Iranian President Mahmoud Ahmadinejad at UN 311.
When the Arab people aligned themselves with the British against their Ottoman rulers during the First World War, they did so under the assurances given to King Faisal of Syria that, in return, the Arabs would receive their independence in the form of their own sovereign kingdom. The kingdom was to span from Turkey’s southern border in the north to the Arabian Sea in the south, and bound by Persia in the east to the Mediterranean Sea in the west. These Arab aspirations were dashed, however, when they discovered the Sykes-Pikot treaty, in which Britain and France had secretly agreed to divide the Arabian territorial spoils amongst themselves.
It is largely because of this British-French agreement that the borders of the greater Middle East are abundant with unnaturally straight lines. There have been previous attempts by these nations to break these externally prescribed boundaries, most notably by Egypt and Syria with their formation of the United Arab Republic and the two’s confederation with North Yemen to form the United Arab States.
Throughout these attempts, which took place from 1958 to 1961, there were even hopes of Iraq joining their ranks. However, the experiment was short lived as former Egyptian president Gammal Abdul Nasser, the Egyptian leader over the confederation, failed to institute a fitting political system for the new administration, resulting in Syria’s secession through military coup and the United Arab Republic’s ultimate demise.
There was additionally a five-year effort in the mid-1970s, when now-deposed Libyan dictator Muammar Gaddafi attempted to unite with both Egypt and Syria in the Federation of Arab Republics, which brought only a cacophony of disagreement from its leaders and resulted in its abortion. To this point, the world’s oil dependency has shifted the regional balance of power to the Gulf states, which are now attempting to accomplish what their brethren in the Mediterranean had previously failed to achieve.
On December 19, King Abdullah I of Saudi Arabia called on his fellow Sunni monarchs in the Gulf Cooperation Council (GCC) to form a ‘single entity’ – a Gulf Union, a la the European Union, with a joint currency and unified strategy with regard to foreign policy and security. The aspect of security is high on the list of all the GCC states at the moment as they are becoming increasingly concerned with the growing threat of their Shiite nemesis, the Islamic Republic of Iran.
Iran has arguably been engaged in a covert war with the GCC’s Sunni kingdoms over the recent weeks and months. This tumultuous situation was highlighted by Iran’s alleged assassination attempt of a Saudi Arabian ambassador in Washington. Events then spiraled in the subsequent weeks as the Islamic Republic was implicated in a series of plots in Bahrain, directed at the British and Saudi embassies there, as well as the country’s causeway linking it to Saudi Arabia.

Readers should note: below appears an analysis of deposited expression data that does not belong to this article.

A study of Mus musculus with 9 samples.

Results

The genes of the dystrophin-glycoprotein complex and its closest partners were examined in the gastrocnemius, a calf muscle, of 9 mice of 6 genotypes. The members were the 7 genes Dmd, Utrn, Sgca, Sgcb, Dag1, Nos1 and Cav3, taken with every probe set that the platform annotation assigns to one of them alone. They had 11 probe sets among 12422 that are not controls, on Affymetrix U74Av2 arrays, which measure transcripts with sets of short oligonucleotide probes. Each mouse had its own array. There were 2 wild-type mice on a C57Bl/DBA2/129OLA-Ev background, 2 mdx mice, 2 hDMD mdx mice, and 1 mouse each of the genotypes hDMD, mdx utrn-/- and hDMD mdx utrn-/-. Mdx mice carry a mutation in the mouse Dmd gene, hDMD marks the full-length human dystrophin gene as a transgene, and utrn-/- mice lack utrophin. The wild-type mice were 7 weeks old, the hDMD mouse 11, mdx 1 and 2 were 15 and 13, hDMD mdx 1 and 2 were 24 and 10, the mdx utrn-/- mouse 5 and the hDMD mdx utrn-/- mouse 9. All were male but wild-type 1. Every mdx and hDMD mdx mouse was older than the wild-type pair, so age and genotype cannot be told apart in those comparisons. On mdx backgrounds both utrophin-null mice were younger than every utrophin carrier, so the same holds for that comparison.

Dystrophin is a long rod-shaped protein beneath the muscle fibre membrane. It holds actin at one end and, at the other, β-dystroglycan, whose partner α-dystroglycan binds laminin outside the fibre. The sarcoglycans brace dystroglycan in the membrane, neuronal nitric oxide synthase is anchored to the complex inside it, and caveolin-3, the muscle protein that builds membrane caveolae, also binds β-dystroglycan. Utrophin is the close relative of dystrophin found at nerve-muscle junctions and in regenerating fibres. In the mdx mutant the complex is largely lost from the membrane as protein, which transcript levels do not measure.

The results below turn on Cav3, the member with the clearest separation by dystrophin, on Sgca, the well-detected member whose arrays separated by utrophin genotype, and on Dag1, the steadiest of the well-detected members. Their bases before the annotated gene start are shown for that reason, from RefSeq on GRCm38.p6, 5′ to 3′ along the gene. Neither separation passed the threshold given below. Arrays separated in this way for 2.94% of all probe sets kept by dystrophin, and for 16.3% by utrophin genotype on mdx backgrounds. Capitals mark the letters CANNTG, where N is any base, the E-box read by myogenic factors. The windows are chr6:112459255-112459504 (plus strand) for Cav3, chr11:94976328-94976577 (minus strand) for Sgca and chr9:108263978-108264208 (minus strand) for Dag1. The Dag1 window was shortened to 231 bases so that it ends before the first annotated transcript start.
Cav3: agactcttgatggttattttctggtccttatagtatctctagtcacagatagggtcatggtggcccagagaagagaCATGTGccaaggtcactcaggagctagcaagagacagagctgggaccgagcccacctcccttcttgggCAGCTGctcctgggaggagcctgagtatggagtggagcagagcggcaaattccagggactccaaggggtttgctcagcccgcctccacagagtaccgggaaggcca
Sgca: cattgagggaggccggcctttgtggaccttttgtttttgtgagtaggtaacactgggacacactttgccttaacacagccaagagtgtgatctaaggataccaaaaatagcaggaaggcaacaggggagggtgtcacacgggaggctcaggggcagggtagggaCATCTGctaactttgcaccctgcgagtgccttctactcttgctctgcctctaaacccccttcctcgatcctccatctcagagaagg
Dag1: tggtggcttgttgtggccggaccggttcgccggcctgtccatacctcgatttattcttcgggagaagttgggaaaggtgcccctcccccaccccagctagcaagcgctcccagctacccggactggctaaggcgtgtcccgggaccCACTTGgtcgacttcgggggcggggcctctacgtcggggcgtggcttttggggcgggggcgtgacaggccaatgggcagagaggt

A Sunni Gulf-union would serve to isolate the Islamic Republic far beyond its current state. The agreement of Qatar and Oman is especially notable, as these two states have maintained traditionally independent foreign policies, often balancing their ties between the Saudis and the Iranians. Now that the United States has ended its military presence in Iraq–a brief sigh of relief for Iran–the US is now engaging its Gulf allies to act as the counterbalance in the region. The US has been fostering this new relationship by filtering thousands of its troops from Iraq into neighboring Kuwait and signing arms agreements with the United Arab Emirates and Bahrain - the latter already houses America’s naval 5th fleet. If that was not enough to put Iran back on its heels, the GCC is now taking its own initiative by engaging countries like Egypt, Jordan and Morocco for possible GCC membership.
Iran is no doubt looking to offset this counterbalance by asserting its influence in fellow Shiite-neighbor Iraq while fomenting unrest amongst the Shiite populations existing in the Sunni Gulf States. However, due to the unrest in its primary ally, Syria, the GCC countries have found opportunity there as well and have effectively isolated the country by expelling it from the Arab League, thereby limiting Iranian influence once again.
Given time, the move may provide for the eventual downfall of Assad’s regime, giving rise to a new Sunni authority, providing for another possible GCC member. Should the aforementioned scenario come to fruition, Iran will slowly see itself become the pariah state it is on its way to becoming. It would only be able to rely on the Shiite-led Iraq who, given the decision, may look to cozy up to its neighbors to the west in its effort to establish itself as a regional leader with its vast oil resources and potential infrastructure developments.
With the world’s leading oil producers becoming increasingly steadfast in their resolve against a nuclear Iran, the rest of the world will find continued relations with the Islamic Republic less and less beneficial.
For the Supreme Leader of Iran, Ayatollah Ali Khamenei, their pursuit of nuclear weapons was expected to put them on the fast track towards regional hegemony. Ironically, that decision may prove to be their undoing.
The writer is an intelligence analyst at Max-Security Solution, a risk consulting firm based in the Middle East.